Bakhtiar Ali Khan received his Bachelor's degree in electrical engineering from GIKI Pakistan, followed by a Master’s degree from Jacobs University Germany. He is currently pursuing a doctoral degree in the field of electromagnetics at Concordia. His research interest resides in antenna design for next-generation satellite and space applications. So far, he has published around 10 journal and conference articles.
How do satellites talk?
Imagine a hunk of metal that is orbiting the globe and gathering information. How do we talk to it?
We have put artificial objects in orbit around the earth for a plethora of reasons. Some satellites are space-based observatories. For instance, the Hubble Space Telescope made some illuminating discoveries about the galaxies and other solar systems that helped us understand the formation of our own solar system.
Some space satellites are imperative for us to continue our daily lives. Common examples are satellites for the Global Positioning System (GPS) as well as communication satellites. In this day and age, our electronic lives are functionally dependent on satellite communication. These fast communication systems and their ubiquitous nature may lead one to take things for granted. However, one might ask, how do these things actually work?
Imagine that you would like to talk to one of your friends who happens to lives on the other side of the globe. You pick up your mobile device and make the call. Abracadabra, the next thing you know you are sharing laughs. So what exactly happened here? To understand that we have to take a bit of nuanced approach.
Your mobile device effectively converts the data, which in this case would be your call information, and writes it on a Radio Frequency (RF) signal. This RF signal is capable of traversing across long distances and this serves as motivation for using radio frequencies. This signal is transmitted from your mobile device to the ground station, which is sometimes referred to as a base station.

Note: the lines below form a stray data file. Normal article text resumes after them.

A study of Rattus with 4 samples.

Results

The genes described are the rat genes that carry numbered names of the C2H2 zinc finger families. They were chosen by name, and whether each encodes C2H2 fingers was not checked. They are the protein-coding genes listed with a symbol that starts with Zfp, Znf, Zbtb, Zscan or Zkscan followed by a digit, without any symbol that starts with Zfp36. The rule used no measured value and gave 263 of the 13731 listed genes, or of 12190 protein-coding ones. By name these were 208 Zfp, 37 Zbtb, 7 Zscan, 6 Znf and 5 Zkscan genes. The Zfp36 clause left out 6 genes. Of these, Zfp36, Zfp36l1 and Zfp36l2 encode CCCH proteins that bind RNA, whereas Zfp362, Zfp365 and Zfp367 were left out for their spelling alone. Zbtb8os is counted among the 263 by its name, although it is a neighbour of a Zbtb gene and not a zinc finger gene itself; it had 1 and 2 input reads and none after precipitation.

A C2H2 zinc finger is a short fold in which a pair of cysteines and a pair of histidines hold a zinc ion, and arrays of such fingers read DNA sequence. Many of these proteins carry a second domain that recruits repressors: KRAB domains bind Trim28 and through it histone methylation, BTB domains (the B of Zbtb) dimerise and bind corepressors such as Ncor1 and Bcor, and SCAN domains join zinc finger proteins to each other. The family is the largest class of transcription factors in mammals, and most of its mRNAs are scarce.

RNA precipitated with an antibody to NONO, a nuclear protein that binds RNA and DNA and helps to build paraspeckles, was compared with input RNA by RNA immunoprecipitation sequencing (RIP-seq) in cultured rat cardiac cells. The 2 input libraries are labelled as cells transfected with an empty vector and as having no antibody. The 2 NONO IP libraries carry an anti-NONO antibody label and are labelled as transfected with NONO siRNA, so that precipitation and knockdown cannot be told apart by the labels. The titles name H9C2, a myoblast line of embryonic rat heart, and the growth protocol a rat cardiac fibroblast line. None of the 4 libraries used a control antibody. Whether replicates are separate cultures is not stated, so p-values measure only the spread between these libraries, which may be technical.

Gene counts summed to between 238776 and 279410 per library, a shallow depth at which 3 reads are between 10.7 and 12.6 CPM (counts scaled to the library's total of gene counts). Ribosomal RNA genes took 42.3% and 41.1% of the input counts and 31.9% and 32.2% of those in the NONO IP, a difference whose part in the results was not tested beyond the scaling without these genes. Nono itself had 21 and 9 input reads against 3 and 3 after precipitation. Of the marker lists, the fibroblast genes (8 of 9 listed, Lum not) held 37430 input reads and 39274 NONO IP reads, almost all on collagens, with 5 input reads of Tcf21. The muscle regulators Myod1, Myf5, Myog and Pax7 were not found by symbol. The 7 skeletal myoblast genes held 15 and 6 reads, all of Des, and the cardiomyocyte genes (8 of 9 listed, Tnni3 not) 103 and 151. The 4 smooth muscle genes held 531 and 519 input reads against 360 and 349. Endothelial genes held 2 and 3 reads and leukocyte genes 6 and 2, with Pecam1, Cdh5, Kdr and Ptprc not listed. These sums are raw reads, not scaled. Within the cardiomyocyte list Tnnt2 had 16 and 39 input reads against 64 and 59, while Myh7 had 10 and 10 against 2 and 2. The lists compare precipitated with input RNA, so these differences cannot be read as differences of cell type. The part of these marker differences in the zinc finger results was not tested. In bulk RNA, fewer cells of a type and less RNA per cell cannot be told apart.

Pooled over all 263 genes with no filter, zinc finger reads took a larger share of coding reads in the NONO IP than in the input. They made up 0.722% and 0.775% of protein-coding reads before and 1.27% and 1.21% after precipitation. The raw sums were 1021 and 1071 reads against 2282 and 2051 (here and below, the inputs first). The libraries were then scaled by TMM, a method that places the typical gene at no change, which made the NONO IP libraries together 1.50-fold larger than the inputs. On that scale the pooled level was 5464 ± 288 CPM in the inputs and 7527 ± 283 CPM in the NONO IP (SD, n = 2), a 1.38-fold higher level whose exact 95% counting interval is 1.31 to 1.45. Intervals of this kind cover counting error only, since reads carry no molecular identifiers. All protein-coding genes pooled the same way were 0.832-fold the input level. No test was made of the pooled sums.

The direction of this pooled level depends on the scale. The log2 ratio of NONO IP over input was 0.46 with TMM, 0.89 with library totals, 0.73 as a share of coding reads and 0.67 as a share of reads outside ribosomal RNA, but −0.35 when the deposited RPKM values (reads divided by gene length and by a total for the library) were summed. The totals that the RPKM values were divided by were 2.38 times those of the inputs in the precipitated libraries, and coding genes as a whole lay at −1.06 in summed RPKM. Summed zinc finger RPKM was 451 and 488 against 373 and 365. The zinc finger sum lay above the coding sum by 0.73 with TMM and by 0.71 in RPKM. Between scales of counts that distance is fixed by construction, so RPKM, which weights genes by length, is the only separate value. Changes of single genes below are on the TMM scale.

Given that your friend is on the other side of the globe, sending this signal directly is not possible. So, as shown in the illustration, the base station has sophisticated antennas that transmit that signal to a satellite. This satellite transmits the signal to the another satellite, which then relays the signal back to the earth-based station. Finally, from there the signal is sent your friend’s device, which extracts the data and your friend is able to you see you.
All this occurs at an incredible speed, so much so, that to a human it appears instantaneous. To be able to carry out this fundamental phenomenom, we have to leverage electromagnetism.
Electromagnetic waves travels at the speed of light. But how do we send and receive them? The component that allows us to manipulate the electromagnetic waves is called an antenna. To understand the working principle of an antenna, let us consider an analogy.
Assume that we have a pool of water and we throw a pebble in it. We will observe circular water waves that move away from the point of contact between the pebble and the surface of water, as shown here. Analogically, if you have an electron and you jiggle it up and down, this will create the electromagnetic waves that move away from the jiggling electron. These waves can carry information at long distances and we can retrieve them through antennas to get our desired information.
Satellites are of paramount importance to our modern way of life. Their applications vary from something as important as air traffic control to something as benign as sending emails. This is not the only application domain. Another avenue of research applications for space satellites are space-based observatories. These space telescopes serve as important tools in expanding our understanding of the cosmos.